Teachers in the San Luis Coastal Unified School District will receive a 6.6 percent raise over the next three years, and nonteaching employees, such as secretaries, bus drivers and custodial staff, will get 7 percent over the next two years.
The school board has ratified agreements with all of its employee groups and top managers.
The raises come as the district has increased class sizes, eliminated a longstanding program for adults with disabilities and offered the first early retirement incentive in nearly a decade to help lower costs.
The pay increases will cost the district about $3.6 million, according to Personnel Director Ryan Pinkerton.
Teachers who are now at the top of the pay scale will receive a salary of $92,225, if all raises go through. When retirement and health contributions are included, such teachers total compensation will be $114,099.
San Luis Coastal — the county’s second-largest school system with 7,200 students — runs public schools in San Luis Obispo, Morro Bay, Los Osos and Avila Beach.
Unlike most school districts in San Luis Obispo County, which receive state funding based on attendance, the majority of San Luis Coastal’s revenue comes from property taxes. Considered a “basic aid” district, it has a $72 million general fund budget this fiscal year.
The district has offered an early retirement incentive to its teachers. How much they receive depends on the number of teachers who retire: 30 or fewer teachers will trigger a $30,000 bonus per instructor; up to 39 teachers will receive $40,000 each; for 40 teachers or more, each retiree will get a $50,000 boost.
Teachers have until Jan. 30 to decide, but the district’s early estimates show that at least 40 teachers are likely to take the deal.
Pinkerton has said if that occurs, the incentive program will save the district $2 million to $5 million in coming years.
Management employees such as high school principals, directors and assistant superintendents who qualify will receive the same amount as teachers if they choose to take the incentive. Pinkerton said he anticipates seven will do so.
In a rare move, the school board made a deal with Assistant Superintendent Russell Miller, in charge of business services, that will allow him to take the “golden handshake” in June 2014 if he agrees to work until then.
Miller, 61, was ready to retire but the school board isn’t ready to let him go.
“We really felt that because one of our school board goals is financial stewardship and strong leadership in the business side of the house, it was very important to keep him on,” said Chris Ungar, school board president.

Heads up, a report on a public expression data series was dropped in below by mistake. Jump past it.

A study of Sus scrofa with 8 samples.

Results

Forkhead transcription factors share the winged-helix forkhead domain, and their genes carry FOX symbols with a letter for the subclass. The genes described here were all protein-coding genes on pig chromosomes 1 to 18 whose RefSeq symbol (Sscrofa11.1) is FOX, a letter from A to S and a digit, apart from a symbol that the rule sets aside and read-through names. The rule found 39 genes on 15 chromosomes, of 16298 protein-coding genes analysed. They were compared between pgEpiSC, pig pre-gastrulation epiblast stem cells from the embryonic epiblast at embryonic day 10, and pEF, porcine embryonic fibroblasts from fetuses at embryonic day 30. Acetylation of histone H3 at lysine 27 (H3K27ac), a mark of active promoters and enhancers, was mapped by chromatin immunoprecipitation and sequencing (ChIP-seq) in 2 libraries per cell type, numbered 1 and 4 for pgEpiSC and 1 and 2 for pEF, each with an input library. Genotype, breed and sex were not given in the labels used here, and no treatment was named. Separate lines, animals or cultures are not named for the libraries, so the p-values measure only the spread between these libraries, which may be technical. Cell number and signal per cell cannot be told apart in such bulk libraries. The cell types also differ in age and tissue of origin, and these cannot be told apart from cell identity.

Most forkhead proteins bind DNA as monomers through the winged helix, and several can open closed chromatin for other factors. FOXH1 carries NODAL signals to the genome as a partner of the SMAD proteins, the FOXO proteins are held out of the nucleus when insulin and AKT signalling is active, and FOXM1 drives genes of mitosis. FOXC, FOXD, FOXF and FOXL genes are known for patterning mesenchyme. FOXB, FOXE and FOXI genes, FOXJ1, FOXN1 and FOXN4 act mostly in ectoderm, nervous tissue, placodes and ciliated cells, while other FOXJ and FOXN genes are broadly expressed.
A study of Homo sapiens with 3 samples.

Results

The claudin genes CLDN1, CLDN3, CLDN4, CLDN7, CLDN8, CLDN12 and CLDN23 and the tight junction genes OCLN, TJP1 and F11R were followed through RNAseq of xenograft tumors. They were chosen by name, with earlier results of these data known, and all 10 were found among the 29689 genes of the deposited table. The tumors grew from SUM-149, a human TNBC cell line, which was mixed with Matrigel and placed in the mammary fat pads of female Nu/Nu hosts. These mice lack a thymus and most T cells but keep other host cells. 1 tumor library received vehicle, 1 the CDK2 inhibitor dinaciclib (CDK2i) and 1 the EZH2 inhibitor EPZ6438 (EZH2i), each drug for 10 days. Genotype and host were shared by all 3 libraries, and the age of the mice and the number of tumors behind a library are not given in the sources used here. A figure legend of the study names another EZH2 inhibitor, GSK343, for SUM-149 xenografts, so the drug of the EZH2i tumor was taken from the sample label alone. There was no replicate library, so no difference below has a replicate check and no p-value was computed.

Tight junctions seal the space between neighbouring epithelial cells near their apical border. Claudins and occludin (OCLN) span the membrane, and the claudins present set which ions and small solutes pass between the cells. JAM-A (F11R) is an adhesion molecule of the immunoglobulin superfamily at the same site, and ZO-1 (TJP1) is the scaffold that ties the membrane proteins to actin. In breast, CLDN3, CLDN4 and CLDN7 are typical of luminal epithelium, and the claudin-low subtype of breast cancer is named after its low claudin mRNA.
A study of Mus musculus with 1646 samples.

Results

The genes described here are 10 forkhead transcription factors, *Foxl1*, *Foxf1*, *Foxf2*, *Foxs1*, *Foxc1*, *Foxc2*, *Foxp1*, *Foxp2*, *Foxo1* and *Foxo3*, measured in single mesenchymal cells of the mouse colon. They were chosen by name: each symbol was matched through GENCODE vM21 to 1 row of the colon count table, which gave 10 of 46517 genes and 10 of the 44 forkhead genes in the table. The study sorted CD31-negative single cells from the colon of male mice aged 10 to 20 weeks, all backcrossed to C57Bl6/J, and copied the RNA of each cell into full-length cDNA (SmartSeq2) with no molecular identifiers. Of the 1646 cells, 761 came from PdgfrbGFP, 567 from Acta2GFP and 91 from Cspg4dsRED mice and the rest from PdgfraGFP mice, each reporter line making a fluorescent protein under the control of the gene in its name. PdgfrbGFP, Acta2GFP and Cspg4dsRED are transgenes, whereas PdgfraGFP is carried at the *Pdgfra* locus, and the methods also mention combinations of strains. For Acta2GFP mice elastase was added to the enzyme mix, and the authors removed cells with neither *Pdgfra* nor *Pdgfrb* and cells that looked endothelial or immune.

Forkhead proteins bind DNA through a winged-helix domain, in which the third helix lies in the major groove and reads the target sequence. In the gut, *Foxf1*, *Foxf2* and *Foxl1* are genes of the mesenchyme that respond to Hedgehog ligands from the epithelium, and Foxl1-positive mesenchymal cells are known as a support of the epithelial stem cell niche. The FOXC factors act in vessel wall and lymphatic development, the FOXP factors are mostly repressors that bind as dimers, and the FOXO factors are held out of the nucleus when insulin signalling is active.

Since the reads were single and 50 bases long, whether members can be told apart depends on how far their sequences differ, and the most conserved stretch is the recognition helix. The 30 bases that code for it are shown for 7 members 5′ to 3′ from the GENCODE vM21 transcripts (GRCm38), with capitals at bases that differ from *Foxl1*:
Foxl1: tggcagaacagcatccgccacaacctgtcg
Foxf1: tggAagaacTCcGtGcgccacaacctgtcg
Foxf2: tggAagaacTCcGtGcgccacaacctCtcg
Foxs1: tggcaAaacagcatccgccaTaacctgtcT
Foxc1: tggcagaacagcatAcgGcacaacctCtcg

Ungar said board members also wanted Miller’s 12 years of experience to aid the district as it transitions into a new set of initiatives approved by the board last year. The initiatives are aimed at increasing test scores and putting the focus of the district into classrooms and their needs.
The 10 initiatives include improving technology in classrooms, increasing the number of students qualified for the University of California and California State University systems, and strengthening students’ experiences at school by making it a more inclusive environment.
“We really felt strongly that we wanted to encourage him to stay,” Ungar said.
Miller accepted the offer, saying it was a tough decision both for the board and him.
He received a 5 percent raise, bringing his salary to $183,715.
“When you do this kind of sweeping change as we are with the initiatives, you have to closely manage the money,” Miller said. “It is going to do great things for student achievement, but it is also a lot of money, and if you don’t have your finger on it, then the money tends to get handed out a little too freely.”
The board also approved a new two-year contract with Assistant Superintendent Rick Robinett, who received a 5 percent raise this fiscal year and 2 percent the next year, and a three-year contract with Superintendent Eric Prater.
Prater was given a 6 percent raise retroactive to July, bringing his salary to $183,804. His total compensation is $218,023. A clause was also written into his contract that the district will contribute $30,000 to a supplemental retirement plan if he is still employed with the district in 2015. Ungar said the raises will be offset by savings generated from those who take the early retirement incentive.
“Are we paying our teachers well?” Ungar said. “Yes, we are. If we get an elementary teacher opening we can expect to get up to 50 applicants and be able to pick and choose the best.”
Reach AnnMarie Cornejo at 781-7939. Stay updated by following @a_cornejo on Twitter.
Details of the agreements
Teachers in the San Luis Coastal Teachers Association will receive a total increase of 6.6 percent over a three-year period: 2 percent salary increase this fiscal year, which started in July; 1.6 percent increase for three required staff development days; and a 3 percent raise if a new teacher evaluation system is launched.
Nonteaching employees in the California School Employees Union, such as para-educators and secretaries, will receive a 5 percent raise starting this fiscal year and a 2 percent increase in 2012-13.
Other nonteaching employees in the Service Employees International Union, which includes bus drivers and custodial staff, will receive a 5 percent raise retroactive to July 1 and a 2 percent increase in 2012-13.
Management such as principals, directors and supervisors, signed a two-year agreement and will receive a 6.5 percent salary increase from the beginning of the calendar year.